PNG Prime Minister Peter O’Neill revealed for the first time the cost of the projects and the extra aid money to be provided by Australia.
The key elements of the aid-for-asylum-seeker deal, which Mr O’Neill signed with his Australian counterpart in Brisbane two Fridays ago, came during a speech to a student audience at the University of PNG.
He said the rebuilding of Lae hospital would cost about $355m, the renovation of PNG’s universities $240m, the upgrade of the Ramu Highway between Lae and Madang $144m, and the new court building in Port Moresby $48m. The larger two projects will be funded jointly by Australia and PNG, while the highway and the court building will be funded solely by Australia.
The projects, which will take several years to complete, are in addition to the budgeted aid program, which will cost Australia $507m this financial year. Mr O’Neill — a graduate of the university — told his audience that ‘we have to start building those (university) facilities now and not later’.
He said he was ‘happy to see debate and discussion’ on the asylum-seeker deal with Australia and ‘constructive criticism’.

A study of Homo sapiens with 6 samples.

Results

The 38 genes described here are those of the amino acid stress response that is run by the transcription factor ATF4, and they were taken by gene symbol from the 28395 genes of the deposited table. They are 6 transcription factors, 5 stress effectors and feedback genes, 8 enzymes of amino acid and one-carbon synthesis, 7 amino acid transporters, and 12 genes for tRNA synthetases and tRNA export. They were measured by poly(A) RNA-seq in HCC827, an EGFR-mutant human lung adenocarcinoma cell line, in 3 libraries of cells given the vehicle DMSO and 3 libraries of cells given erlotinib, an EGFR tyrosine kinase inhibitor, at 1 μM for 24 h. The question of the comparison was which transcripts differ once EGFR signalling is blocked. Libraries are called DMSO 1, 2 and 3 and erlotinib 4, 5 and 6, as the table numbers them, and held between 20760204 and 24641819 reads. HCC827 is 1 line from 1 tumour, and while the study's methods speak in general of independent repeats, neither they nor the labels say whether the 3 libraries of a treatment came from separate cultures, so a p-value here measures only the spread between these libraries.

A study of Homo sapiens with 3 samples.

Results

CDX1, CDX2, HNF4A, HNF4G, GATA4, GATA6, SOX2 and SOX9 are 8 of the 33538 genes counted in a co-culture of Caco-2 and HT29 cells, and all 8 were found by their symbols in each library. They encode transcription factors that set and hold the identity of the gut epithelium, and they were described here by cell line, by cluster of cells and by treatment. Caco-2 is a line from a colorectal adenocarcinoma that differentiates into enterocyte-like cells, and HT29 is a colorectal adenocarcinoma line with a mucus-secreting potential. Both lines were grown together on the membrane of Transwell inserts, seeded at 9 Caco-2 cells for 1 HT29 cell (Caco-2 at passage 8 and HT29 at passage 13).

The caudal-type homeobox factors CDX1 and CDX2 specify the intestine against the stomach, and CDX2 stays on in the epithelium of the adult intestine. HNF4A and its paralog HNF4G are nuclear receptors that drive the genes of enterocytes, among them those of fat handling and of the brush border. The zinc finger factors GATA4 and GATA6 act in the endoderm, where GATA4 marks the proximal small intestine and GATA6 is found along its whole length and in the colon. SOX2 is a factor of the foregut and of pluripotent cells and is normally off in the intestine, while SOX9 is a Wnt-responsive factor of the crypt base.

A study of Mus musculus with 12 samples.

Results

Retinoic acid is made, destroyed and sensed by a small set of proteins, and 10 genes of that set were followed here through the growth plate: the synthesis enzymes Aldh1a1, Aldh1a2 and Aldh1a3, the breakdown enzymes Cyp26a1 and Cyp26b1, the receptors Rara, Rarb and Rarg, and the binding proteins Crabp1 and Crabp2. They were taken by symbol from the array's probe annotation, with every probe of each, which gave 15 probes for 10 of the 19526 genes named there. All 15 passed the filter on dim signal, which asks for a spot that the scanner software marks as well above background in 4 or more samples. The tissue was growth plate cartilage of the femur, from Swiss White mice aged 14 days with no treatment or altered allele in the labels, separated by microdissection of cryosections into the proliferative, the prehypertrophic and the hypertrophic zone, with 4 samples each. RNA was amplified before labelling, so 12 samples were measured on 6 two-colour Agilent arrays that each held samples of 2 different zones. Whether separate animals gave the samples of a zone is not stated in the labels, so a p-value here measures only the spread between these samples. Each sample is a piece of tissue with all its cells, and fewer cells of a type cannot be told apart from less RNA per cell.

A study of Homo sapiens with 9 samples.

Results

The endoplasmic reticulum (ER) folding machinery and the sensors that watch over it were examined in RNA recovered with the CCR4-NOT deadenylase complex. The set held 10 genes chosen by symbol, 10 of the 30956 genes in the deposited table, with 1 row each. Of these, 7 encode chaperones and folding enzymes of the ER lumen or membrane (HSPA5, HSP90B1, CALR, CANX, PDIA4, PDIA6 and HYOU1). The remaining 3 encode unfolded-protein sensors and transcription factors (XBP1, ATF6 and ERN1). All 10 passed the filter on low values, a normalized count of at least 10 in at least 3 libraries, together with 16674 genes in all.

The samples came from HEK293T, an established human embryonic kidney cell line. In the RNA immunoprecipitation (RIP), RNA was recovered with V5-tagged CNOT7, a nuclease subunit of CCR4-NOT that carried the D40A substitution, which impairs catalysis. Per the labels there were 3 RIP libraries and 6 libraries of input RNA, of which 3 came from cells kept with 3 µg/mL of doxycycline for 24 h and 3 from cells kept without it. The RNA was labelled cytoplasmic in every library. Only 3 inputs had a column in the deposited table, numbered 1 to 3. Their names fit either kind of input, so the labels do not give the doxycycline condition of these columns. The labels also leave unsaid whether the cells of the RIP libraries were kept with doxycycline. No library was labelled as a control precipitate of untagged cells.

The deal will allow for a massive expansion of processing facilities on Manus Island — and elsewhere if necessary — to cater for the influx of asylum-seekers transferred from Christmas Island. Those subject to the PNG Solution and found to be refugees will not be resettled in Australia.
‘There are three basic reasons why we are taking up a major role in meeting the enormous challenges posed by people-smuggling and illegal border crossing,’ the Prime Minister said.
‘The first is that our closest neighbour, and our best friend, Australia, has a serious problem — and needs help in addressing it.
‘The agreement to expand Manus, and establish a resettlement program for genuine asylum-seekers, is an extension of the agreement entered into with the former government of Australia.’
The second reason for the deal, he said, was that ‘we are a member of the global community and our own regional community, and we must be prepared to do some of the heavy lifting when it comes to global and regional issues’.
‘We also need to be mindful of the need to be vigilant when it comes to the threat of terrorism in our region,’ he said. ‘That means we must maintain ourselves, and assist our neighbours in maintaining, strong and effective border security. We have been spared the devastating impact of terrorism — but we must never be complacent.’
The final reason, he said, was ‘we are a Christian nation’.
‘Our Christianity surely requires we exercise compassion — and exercising compassion surely means discouraging the evil practice of people-smuggling. Hundreds of asylum-seekers have drowned because the people-smugglers are only interested in their money.’